Byron Pringle Placed on Injured Reserve
The Bears’ already-thin receivers group just got a little thinner. Byron Pringle has been placed on injured reserve, the team announced today. Pringle suffered a calf injury in the first half of Sunday’s win over the Texans, and he’ll at least four games. His absence is another challenge for a passing attack that ranks as the worst in the NFL. Chicago is averaging just 78.3 passing yards per game.
A depleted receiving core is the last thing QB Justin Fields needs. He is still developing and is already dealing with an offensive line that struggles with pass blocking. Pringle was signed to be Chicago’s No. 2 wide receiver, though Equanimeous St. Brown has filled that role through the first three games.
The Bears hope to have Velus Jones Jr. back for Sunday’s game against the Giants. The rookie wide receiver has been sidelined with a hamstring and has been limited in practice since mid-August. N’Keal Harry is also on IR after having ankle surgery in August. The Bears released veteran wide receiver Tajae Sharpe with an injury settlement earlier this month.
If Jones Jr. and Harry are unable to go Sunday, Chicago will have just four healthy wide receivers. Besides St. Brown, Darnell Mooney and Dante Pettis have seen the bulk of Chicago’s offensive snaps. As a whole, the group has caught 11 of 24 targets for 188 yards and two touchdowns. Both scores came in the 19-10 Week 1 win over the 49ers. Expect the Bears to elevate Nsimba Webster or Isaiah Coulter from the practice squad for Sunday’s game.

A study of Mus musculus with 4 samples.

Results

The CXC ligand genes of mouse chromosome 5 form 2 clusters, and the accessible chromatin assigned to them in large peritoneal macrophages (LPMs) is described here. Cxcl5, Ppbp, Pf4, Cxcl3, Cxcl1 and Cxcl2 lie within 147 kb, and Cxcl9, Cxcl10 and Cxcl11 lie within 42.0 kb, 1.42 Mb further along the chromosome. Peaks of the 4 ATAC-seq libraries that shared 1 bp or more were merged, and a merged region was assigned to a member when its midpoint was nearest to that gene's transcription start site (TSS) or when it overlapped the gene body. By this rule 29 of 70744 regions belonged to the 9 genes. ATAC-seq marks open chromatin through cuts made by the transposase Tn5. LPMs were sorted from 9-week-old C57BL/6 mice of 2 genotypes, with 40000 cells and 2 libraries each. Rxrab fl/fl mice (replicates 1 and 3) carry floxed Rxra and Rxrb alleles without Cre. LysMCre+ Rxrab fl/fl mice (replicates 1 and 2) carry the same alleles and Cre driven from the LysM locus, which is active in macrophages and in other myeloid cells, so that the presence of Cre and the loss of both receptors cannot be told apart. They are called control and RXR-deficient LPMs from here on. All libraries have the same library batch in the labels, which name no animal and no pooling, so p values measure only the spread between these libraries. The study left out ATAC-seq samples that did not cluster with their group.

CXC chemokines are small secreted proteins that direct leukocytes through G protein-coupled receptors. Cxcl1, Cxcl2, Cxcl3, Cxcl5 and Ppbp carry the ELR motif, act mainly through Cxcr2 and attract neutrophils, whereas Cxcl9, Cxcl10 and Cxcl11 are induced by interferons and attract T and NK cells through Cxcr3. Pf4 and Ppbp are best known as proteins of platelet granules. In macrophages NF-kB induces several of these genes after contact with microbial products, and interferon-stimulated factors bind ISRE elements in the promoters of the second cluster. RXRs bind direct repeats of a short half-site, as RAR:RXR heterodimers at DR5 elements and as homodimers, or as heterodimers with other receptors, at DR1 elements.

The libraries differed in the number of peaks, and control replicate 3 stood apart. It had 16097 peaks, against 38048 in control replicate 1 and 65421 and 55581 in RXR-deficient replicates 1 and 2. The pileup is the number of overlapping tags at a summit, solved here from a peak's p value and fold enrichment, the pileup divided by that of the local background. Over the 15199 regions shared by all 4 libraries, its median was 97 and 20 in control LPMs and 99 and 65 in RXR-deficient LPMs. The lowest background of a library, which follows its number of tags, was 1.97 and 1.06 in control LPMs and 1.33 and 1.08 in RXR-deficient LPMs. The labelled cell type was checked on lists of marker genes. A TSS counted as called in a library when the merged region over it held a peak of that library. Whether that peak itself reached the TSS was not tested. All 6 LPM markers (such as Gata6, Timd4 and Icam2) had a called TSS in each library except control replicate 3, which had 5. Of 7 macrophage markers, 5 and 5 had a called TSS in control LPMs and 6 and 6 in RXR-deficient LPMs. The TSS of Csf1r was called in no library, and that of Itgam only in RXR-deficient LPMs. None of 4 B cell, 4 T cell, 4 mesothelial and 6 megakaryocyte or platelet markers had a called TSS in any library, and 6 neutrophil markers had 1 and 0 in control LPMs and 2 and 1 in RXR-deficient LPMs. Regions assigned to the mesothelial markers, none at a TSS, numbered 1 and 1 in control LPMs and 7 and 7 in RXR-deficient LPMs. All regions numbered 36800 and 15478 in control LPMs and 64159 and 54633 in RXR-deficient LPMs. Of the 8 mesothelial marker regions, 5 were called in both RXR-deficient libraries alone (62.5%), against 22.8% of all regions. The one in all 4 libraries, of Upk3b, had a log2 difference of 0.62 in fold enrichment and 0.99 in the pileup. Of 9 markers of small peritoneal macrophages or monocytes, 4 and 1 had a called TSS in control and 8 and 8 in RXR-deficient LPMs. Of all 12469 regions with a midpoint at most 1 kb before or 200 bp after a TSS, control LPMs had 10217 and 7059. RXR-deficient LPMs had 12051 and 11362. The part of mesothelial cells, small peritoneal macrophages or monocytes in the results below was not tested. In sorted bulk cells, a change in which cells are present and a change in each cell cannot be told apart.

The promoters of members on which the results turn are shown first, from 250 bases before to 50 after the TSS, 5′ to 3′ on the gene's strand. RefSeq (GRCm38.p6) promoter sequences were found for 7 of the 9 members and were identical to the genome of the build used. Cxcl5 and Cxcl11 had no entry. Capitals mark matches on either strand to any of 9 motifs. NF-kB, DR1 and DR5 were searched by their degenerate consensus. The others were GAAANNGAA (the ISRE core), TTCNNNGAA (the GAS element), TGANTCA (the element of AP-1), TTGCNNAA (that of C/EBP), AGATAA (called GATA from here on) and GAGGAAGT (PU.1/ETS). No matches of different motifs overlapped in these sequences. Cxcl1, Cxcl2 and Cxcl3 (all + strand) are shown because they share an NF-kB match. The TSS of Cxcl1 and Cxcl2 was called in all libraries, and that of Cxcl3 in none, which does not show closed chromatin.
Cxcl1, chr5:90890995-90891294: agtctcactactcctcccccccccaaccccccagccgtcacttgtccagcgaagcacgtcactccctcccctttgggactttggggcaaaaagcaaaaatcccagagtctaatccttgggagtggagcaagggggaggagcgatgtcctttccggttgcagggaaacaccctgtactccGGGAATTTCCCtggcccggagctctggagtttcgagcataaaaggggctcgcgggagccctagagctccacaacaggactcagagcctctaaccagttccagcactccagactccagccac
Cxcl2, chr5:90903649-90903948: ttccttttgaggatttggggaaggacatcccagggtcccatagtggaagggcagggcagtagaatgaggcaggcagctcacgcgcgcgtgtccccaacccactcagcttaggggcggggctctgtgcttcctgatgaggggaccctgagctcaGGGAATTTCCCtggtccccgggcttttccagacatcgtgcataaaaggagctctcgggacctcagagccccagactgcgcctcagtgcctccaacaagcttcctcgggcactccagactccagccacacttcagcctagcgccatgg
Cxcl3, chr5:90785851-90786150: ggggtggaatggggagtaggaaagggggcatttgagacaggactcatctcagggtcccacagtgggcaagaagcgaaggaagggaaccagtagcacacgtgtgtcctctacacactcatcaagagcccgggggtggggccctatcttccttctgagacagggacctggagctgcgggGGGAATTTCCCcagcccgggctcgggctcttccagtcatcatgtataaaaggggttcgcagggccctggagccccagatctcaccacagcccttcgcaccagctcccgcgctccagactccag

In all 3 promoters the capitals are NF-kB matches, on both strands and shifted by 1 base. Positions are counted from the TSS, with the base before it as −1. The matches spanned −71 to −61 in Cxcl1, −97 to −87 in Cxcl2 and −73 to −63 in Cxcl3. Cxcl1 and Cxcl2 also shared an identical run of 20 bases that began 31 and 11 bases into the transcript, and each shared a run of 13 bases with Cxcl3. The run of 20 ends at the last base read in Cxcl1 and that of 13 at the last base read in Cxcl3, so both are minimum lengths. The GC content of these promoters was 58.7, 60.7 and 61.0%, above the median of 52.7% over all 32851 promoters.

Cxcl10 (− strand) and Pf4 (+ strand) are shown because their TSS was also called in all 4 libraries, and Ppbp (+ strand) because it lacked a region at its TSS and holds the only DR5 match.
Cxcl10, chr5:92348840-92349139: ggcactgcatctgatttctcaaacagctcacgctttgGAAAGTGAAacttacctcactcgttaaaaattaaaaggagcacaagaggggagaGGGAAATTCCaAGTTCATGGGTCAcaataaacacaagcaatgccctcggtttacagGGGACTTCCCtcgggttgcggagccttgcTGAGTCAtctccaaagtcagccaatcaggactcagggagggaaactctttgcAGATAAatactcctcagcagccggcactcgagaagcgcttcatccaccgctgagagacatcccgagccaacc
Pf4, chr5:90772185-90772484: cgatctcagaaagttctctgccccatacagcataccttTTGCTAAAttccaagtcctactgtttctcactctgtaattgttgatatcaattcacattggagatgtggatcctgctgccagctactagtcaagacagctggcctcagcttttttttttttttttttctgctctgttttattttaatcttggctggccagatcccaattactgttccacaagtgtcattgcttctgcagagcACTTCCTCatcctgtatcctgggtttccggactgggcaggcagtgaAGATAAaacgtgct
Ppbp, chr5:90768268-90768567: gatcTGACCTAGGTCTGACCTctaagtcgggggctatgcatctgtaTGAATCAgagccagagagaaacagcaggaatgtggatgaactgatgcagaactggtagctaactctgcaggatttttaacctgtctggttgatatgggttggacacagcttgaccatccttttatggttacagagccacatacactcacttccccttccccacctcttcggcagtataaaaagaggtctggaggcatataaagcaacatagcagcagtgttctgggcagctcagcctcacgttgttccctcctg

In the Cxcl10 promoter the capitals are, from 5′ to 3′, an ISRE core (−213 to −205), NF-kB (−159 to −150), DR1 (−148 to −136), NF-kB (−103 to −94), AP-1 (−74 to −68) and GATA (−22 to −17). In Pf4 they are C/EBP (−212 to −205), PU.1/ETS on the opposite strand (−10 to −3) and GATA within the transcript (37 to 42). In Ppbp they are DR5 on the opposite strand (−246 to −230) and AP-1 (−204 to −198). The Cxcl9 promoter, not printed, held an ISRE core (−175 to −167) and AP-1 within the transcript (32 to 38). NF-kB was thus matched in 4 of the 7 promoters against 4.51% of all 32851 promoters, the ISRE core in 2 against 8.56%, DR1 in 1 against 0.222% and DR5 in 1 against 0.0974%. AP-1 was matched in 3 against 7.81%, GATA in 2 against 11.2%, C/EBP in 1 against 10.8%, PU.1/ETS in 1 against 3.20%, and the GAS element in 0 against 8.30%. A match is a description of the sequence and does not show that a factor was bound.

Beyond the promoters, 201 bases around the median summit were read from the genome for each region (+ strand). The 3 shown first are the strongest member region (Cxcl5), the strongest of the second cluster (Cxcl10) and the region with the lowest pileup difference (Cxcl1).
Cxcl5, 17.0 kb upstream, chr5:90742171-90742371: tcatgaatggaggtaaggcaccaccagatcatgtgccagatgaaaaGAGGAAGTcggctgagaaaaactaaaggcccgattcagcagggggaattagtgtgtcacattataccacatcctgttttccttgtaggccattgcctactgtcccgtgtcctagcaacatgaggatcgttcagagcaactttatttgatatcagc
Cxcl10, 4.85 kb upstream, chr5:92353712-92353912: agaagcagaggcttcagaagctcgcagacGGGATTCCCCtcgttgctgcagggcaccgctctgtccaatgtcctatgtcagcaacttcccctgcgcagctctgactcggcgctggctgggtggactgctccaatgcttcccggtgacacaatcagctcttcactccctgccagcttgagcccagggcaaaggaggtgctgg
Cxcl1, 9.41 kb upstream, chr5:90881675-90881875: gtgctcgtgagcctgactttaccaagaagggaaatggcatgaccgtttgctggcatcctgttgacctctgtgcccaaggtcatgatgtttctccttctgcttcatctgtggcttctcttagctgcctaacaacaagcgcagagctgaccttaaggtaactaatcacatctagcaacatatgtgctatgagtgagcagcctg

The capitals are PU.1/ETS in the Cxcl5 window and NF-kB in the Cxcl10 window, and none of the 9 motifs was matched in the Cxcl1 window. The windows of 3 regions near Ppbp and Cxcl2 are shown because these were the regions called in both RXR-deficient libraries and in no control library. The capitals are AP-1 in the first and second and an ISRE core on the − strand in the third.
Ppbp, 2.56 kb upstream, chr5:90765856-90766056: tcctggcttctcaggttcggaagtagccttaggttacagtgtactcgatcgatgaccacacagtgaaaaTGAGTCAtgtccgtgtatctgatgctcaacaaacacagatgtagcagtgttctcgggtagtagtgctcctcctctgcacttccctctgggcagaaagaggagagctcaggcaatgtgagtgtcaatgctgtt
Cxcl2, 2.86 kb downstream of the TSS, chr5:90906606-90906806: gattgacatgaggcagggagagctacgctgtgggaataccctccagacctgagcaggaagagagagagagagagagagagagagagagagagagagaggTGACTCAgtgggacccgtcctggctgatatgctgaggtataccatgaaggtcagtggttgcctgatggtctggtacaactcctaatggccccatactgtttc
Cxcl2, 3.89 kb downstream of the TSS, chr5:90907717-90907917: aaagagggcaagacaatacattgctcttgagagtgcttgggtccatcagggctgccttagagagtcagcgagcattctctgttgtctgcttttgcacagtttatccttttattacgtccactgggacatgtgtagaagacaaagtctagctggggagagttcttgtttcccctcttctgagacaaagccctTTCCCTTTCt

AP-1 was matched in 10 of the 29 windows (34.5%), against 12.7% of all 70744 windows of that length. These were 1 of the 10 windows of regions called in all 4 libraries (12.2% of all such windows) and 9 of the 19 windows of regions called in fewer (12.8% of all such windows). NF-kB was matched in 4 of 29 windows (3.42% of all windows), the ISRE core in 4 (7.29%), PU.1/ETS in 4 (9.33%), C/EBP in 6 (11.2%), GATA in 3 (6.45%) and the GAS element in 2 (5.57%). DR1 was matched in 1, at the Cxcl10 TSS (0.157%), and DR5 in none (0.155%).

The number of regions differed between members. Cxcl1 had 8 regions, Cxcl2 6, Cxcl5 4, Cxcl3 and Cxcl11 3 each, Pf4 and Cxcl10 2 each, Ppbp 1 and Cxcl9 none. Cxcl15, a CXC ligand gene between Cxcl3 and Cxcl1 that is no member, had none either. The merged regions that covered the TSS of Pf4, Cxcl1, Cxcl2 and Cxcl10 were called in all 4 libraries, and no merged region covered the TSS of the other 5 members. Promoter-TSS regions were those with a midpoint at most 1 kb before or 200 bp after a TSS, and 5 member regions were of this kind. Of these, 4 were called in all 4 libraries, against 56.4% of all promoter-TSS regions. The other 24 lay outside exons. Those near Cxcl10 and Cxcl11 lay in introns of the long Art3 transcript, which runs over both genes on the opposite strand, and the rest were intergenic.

The Bears signed Pringle to a one-year, $4 million contract this offseason, and he had two catches for 33 yards on three targets in three games. In three seasons with the Chiefs, Pringle had 67 catches for 898 yards and seven touchdowns. He’s arguably the Bears’ best blocking receiver, so his absence could affect the team’s running game.
Chicago has been rumored to be actively seeking wide receiver help before the trade deadline, though it seems doubtful they’d be willing to part with anything significant for a half-season rental.